Jurassic World spoiler alert:
There’s a huge, pissed-off dinosaur in it.
No, really. In one scene early on, park operations chief Claire (Bryce Dallas Howard) explains that their on-site scientists needed to innovate bigger, better dinosaurs (she may have said the words, “faster, louder, scarier,” but I wasn’t taking notes… you get the idea) in order to re-boot the general public’s interest in visiting the park of living, prehistoric attractions. Because, you know, living prehistoric attractions aren’t interesting enough as they are.
I appreciated how Claire was just as much speaking of we, the audience, as she was of the fictional Jurassic World visitors. We movie-goers are the actual visitors of the park; we’re now on installment number four of this behemoth of a sci-fi action-adventure franchise, and let’s face it: At this point, we need “bigger, better, faster, louder, scarier” dinosaurs if any movie starting with the word “Jurassic” is going to get us salivating to the tune of (insert lofty dollar amount in theatre ticket sales). 22 years after the fresh, meteoric impact of the original Jurassic Park roused millions of imaginations around the world, the team behind this new chapter in the saga had to come up with something spectacular… at least in raw dinosaurage, if the plot lines were going to continue along the uninspired course they’d taken in the intervening years.
1993’s Jurassic Park, based on the novel by Michael Crichton, was just a tough act to follow, so to speak. Steven Spielberg unleashed it on a public that’d been unaware of exactly how well dinosaurs could be done in cinema, and not a mind that saw it was left unblown. The sequel was, in my opinion, dull, and the third one looked to be even less interesting. Following that disappointment, folks on the Jurassic World team got busy spawning a super enormous, intricately modified version of a dinosaur. Callaghan and I entered the theatre fully expecting it, since the trailer had looked promising, and we really wanted to believe the hype this time. We weren’t disappointed. Indominus rex was delivered, and the Jurassic thrill was back and intact.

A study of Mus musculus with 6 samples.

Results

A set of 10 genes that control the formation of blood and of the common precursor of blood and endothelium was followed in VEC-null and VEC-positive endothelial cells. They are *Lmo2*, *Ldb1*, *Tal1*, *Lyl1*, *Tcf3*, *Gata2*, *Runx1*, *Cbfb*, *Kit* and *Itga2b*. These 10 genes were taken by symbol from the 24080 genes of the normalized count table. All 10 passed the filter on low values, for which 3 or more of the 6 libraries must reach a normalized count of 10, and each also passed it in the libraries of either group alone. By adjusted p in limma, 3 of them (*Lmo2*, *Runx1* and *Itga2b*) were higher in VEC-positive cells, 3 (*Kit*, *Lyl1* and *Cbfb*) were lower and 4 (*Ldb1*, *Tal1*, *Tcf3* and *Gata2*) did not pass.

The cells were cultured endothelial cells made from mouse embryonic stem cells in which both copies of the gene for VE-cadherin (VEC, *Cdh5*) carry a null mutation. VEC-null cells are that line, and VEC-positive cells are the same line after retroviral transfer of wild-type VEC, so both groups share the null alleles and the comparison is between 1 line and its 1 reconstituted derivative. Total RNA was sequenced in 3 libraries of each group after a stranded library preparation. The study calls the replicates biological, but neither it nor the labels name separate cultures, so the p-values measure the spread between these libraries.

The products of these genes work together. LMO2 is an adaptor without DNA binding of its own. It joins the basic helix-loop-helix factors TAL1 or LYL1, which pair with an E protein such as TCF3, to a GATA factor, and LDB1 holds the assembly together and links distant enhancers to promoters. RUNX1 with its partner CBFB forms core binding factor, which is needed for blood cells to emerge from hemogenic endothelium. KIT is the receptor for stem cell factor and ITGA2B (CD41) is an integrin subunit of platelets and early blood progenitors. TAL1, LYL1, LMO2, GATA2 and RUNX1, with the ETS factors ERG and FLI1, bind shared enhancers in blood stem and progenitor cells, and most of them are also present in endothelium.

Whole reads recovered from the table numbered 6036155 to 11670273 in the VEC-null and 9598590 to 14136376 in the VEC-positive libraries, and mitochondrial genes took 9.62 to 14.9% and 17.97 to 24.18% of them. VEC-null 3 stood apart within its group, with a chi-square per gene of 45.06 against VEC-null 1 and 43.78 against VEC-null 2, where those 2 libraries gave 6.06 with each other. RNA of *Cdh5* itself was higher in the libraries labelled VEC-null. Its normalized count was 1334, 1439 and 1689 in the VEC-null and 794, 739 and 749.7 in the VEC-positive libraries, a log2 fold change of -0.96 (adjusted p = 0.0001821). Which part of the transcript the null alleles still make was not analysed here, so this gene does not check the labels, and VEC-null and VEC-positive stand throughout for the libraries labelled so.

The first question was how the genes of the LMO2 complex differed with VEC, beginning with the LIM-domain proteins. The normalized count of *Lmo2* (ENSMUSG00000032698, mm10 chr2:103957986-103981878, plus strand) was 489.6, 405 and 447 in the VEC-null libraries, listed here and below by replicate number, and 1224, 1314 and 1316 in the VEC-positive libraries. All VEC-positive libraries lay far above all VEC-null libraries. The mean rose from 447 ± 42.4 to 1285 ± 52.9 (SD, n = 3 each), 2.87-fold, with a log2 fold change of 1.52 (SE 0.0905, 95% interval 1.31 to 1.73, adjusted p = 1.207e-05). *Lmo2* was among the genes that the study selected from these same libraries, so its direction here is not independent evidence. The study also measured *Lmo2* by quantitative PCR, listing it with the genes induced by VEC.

Because Jurassic World quickly developed into a well-paced, rollicking visual fest of panic and people flung asunder, I was breathlessly entertained enough to shrug off my annoyance and suppress my inward eye-rolling provoked by some of the sub-plots and caricatures of the people in the story. I was willing to overlook the absurdity of the shoes on Claire’s feet, which were 1). white (I noticed as she was running through mud), and 2). high-heeled (I especially noticed as she was running through mud). In fact, from the time she started running, I made it a point to look at her feet in each scene, checking to see whether she’d resourcefully broken off the heels. She hadn’t. She ran at breakneck speed through a prehistoric forest and fields with rampaging beasts and her life in peril… wearing high heels.
I wasn’t there for well-developed characters devoid of stereotypes. I didn’t go in expecting to marvel at the usage of restraint in the writing, or in any other aspect. I was there for the suspenseful thrill of it all, and the snappy lightness of the script allowed us to simply enjoy that. We didn’t have to wrangle too much with ethics in science or the over-arching concept of “playing God.” We could just appreciate the excellence of everything done well in the film. We could admire the panache of the motorcycle-riding Velociraptor Whisperer played by Chris Pratt. We could feel gratified when Claire started to see beyond the dollar signs in her park’s living, breathing “assets” and “attractions” and developed respect for the dinosaurs as actual, sentient beings. We could bask in the nostalgic pleasure of the Jurassic Park theme music sweeping through the theatre, carrying us along on our ride, and we could enjoy exhaling before the spectacle of it all. There were angry, vicious dinosaurs, and they were impressive.
[Side note: Glancing around the theatre, we couldn’t help but raise our eyebrows at each other over the sheer number of young children we saw. Especially with the level of advancement reached in CGI technology, how did this film end up with a PG-13 rating? The girl sitting next to us had to be around six years old, and she was in good company with plenty of other children – including babies and toddlers – throughout the sold-out house. We were genuinely confused. Did the parents think that perhaps Jurassic World would feature Barney?
I remember when I went to the theatre with my family to see Alien. I was ten, and the scene that horrified me – the alien popping out of the guy’s chest – made Alien look like a walk through Mister Roger’s neighborhood compared to Jurassic World].
Directed by Colin Trevorrow, Jurassic World brings dinosaur-sexy back after all these years. It’s a satisfying blockbuster summer action flick to watch, and it’s certainly unlike any zoo you’ve ever visited.